Locusts are crunchy, chewy and sort of taste like Doritos when properly prepared. The locust is a healthy food choice for the poorest of people in Africa and parts of the Middle East. It is a food of survival. A vast swarm of locusts recently left Egypt and arrived in Israel—three weeks before Passover. The symbolism is not lost on the people of both nations. This reminder of Moses and the plagues upon Egypt brings quickly to mind the story of the Angel of Death passing over a people whose door posts were wiped with the blood of a lamb. But locusts in Israel have raised a debate among some rabbis: Are locusts really kosher and are they only to be eaten by the poor?
Eating bugs that are eating all of your plants is no one’s first choice of diet. I have seen the starving supplement their daily foraging for millet with locusts. Eating locusts means living. We may stick up our noses at the pan-fried locust, but I know what I have eaten deep-fried at the State Fair. Locusts are more nutritious and do not fill anyone’s arteries with grease. Passover is March 26 this year, right between Palm Sunday and Easter. Our Scriptures tell of a Last Supper, a Passover Seder, led by Jesus with his disciples. We are invited to eat of Him. His crucifixion parallels the blood-washed doorposts with the sacrificial death of the Lamb. He died that we might live.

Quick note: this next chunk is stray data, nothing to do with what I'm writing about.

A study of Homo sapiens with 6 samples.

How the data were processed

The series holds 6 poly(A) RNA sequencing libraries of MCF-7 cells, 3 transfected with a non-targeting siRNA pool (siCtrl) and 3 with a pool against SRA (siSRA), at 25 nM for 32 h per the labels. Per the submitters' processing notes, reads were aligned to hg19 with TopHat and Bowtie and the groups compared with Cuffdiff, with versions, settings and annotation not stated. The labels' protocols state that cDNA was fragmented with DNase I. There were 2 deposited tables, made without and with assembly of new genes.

The locust has a distasteful appearance. So does the story of Jesus and the cross. Something has to die in order to come alive. Easter is meaningless without Christ’s death.
Resurrection Day is a victory day over sin and death. It is the holiest day of the church calendar. Plagues of sin and chaos can descend upon us like the locusts eating their way through our lives. There is a way to victory.
Keep healthy. Pray mightily. Enjoy your life today. Look to Easter. And let’s experience the love and power of God together.